Last week, the technology world was buzzing about the celebrity picture hack that involved Apple’s iCloud service. While Apple is now making attempts to improve user security, other online services have too.
LinkedIn, for one, has announced multiple steps it is taking to improve user security. For starters, LinkedIn will now provide users with full visibility into logged-in user session information to identify any potentially unauthorized access. Google has long provided a similar feature.
Going a step further, LinkedIn is taking specific precautions to help users identify any anomalous password activities.
“We’ve added a new set of information to the emails we send when there are security related changes to your account, such as a password change, so you can rest assured your account is secure,” Madhu Gupta, head of security, privacy and customer service products at LinkedIn, wrote in a blog post. “The added information gives you more insight into when and where the account change took place, including the date and time and details on the device … the changes were made on such as the browser it was running, the Operating System (OS), IP address, and approximate physical location.”
LinkedIn is no stranger to security incidents. Back in 2012, six million user passwords were stolen in a breach.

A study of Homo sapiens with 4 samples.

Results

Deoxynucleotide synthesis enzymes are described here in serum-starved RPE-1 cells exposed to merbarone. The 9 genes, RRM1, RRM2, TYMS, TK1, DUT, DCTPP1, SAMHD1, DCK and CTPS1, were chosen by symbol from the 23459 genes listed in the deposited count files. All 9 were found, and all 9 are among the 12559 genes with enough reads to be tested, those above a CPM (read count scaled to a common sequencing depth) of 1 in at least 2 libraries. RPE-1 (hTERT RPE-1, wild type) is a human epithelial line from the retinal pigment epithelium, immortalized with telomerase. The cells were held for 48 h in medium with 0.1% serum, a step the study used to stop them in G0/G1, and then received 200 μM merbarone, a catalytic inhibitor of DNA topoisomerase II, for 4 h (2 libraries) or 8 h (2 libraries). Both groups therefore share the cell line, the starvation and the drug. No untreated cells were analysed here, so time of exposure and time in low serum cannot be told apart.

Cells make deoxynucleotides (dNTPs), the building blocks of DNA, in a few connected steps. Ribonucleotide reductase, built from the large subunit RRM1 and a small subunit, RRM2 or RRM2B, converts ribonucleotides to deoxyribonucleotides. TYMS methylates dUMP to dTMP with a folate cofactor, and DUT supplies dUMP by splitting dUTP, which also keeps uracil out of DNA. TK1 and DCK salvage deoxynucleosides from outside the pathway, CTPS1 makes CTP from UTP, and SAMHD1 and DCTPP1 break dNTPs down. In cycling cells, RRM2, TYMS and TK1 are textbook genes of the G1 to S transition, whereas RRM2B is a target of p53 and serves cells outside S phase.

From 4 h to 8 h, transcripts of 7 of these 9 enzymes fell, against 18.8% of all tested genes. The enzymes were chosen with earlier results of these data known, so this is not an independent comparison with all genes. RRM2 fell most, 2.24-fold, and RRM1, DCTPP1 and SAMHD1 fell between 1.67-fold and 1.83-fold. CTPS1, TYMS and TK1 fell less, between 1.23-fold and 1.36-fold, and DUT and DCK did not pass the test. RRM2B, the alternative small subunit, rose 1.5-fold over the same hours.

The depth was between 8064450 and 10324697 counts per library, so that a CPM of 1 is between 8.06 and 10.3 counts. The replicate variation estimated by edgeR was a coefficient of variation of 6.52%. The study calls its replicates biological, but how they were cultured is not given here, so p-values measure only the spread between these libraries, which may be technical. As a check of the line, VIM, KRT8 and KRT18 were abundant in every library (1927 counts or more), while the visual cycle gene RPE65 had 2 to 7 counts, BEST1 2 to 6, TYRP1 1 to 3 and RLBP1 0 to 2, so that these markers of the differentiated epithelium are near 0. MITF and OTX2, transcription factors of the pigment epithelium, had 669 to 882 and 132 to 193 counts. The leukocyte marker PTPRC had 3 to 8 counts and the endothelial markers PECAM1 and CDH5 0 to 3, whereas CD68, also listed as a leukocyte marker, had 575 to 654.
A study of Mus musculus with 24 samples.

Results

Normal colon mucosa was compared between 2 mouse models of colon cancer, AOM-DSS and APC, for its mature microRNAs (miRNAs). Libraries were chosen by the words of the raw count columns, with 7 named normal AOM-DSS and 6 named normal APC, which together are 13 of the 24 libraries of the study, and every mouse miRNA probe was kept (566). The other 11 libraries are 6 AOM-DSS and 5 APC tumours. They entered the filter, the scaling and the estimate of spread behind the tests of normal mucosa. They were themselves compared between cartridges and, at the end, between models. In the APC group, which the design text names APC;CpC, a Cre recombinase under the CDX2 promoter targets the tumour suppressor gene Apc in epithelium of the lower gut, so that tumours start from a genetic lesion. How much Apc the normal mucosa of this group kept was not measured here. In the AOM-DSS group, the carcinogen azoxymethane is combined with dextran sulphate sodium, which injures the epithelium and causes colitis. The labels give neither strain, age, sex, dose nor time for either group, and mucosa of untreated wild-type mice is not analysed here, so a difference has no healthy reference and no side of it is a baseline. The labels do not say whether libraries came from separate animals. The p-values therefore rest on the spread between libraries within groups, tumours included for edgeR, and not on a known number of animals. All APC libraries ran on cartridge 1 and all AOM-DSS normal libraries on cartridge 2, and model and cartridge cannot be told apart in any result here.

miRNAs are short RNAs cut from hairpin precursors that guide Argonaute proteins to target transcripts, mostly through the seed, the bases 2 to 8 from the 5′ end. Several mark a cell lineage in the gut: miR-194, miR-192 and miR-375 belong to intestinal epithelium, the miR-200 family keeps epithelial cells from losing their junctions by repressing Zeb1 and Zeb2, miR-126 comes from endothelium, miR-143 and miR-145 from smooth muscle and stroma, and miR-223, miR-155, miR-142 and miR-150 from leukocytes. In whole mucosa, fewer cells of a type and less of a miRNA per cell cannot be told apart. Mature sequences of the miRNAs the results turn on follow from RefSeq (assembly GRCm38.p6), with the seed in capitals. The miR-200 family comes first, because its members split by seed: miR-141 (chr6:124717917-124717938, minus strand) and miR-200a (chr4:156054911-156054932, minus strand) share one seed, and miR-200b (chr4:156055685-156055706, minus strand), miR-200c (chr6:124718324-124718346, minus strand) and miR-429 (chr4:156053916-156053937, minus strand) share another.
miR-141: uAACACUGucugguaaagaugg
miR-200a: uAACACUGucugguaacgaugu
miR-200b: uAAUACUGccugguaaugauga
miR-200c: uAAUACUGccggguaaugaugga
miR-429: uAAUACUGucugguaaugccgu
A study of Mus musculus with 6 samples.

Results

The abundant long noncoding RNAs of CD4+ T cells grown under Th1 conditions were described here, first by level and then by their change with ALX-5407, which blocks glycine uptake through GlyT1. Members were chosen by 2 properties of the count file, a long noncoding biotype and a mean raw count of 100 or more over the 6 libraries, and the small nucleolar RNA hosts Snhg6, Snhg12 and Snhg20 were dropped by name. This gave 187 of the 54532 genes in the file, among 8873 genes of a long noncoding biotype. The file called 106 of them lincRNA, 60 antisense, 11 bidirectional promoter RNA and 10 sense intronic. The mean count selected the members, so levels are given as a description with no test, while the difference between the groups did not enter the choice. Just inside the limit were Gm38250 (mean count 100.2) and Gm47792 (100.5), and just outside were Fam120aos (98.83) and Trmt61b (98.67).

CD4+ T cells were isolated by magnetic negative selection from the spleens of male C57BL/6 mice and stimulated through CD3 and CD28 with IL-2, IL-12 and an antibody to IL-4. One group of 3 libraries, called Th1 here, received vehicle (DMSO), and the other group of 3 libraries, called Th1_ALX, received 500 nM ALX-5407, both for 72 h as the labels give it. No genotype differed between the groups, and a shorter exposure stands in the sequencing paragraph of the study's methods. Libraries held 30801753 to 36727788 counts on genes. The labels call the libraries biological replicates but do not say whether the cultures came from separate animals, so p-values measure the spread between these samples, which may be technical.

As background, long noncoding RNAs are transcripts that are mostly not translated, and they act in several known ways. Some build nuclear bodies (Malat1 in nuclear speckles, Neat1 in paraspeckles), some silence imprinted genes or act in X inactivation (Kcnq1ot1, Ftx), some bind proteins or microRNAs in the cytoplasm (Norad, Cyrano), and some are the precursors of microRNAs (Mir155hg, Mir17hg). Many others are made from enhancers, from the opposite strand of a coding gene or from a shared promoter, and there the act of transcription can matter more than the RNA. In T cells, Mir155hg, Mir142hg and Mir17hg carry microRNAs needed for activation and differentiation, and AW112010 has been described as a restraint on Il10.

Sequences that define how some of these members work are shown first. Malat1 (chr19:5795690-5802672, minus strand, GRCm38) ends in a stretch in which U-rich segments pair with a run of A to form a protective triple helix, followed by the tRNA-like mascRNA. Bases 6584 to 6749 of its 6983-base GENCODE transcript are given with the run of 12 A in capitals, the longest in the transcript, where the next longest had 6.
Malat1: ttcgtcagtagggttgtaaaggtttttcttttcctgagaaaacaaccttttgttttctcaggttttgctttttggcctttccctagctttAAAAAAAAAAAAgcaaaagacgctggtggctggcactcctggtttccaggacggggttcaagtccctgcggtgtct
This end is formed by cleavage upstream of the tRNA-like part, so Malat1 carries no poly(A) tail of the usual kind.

Lucas Zaichkowsky, enterprise defense architect at AccessData, told eWEEK that most of the new features that LinkedIn is adding for security purposes have become standard with social media services due to frequent account hacking activity.
“Being able to see which Web browsers and devices are perpetually logged in is very useful for identifying suspicious logins or forcing logout on devices that are no longer used,” Zaichkowsky said. “Receiving a notice when your password is changed will make it immediately known if your account is completely taken over.”
LinkedIn is also now enabling users to export all their own data with a single click. Zaichkowsky said that the data downloading feature is a move to address privacy concerns by allowing users to archive and maintain ownership of their content, while allowing them to see what LinkedIn knows about them.
While LinkedIn’s renewed security efforts are noteworthy, it’s also important to emphasize what it already offers its users. Marc Maiffret, CTO at BeyondTrust, told eWEEK that ultimately one of the best methods of protecting such types of accounts is two-factor authentication (2FA). With 2FA, a second password (or factor) that is randomly generated is required to gain access to an account.
“I wasn’t even aware that LinkedIn supported it [2FA] until I just checked,” Zaichkowsky said. “I’d encourage all Websites to not only support 2FA, but to also implement reminders for users to configure and enable it.”
LinkedIn first added 2FA support to its site back in May 2013. Maiffret said that, in his view, social sites should start publishing the percentages of their users who have enabled 2FA and how that is trending. He added that 2FA is still a bit cumbersome for users to get set up and running on some services and so more work needs to be done to simplify the process.
“I think the standard in the future will be that these services all require 2FA by default, similar to how Google moved to SSL [Secure Sockets Layer] by default,” he said. “But such a change to SSL is much easier to implement—no real end-user involvement—compared to 2FA, and so it will take some time to get there.”
Sean Michael Kerner is a senior editor at eWEEK and InternetNews.com. Follow him on Twitter @TechJournalist.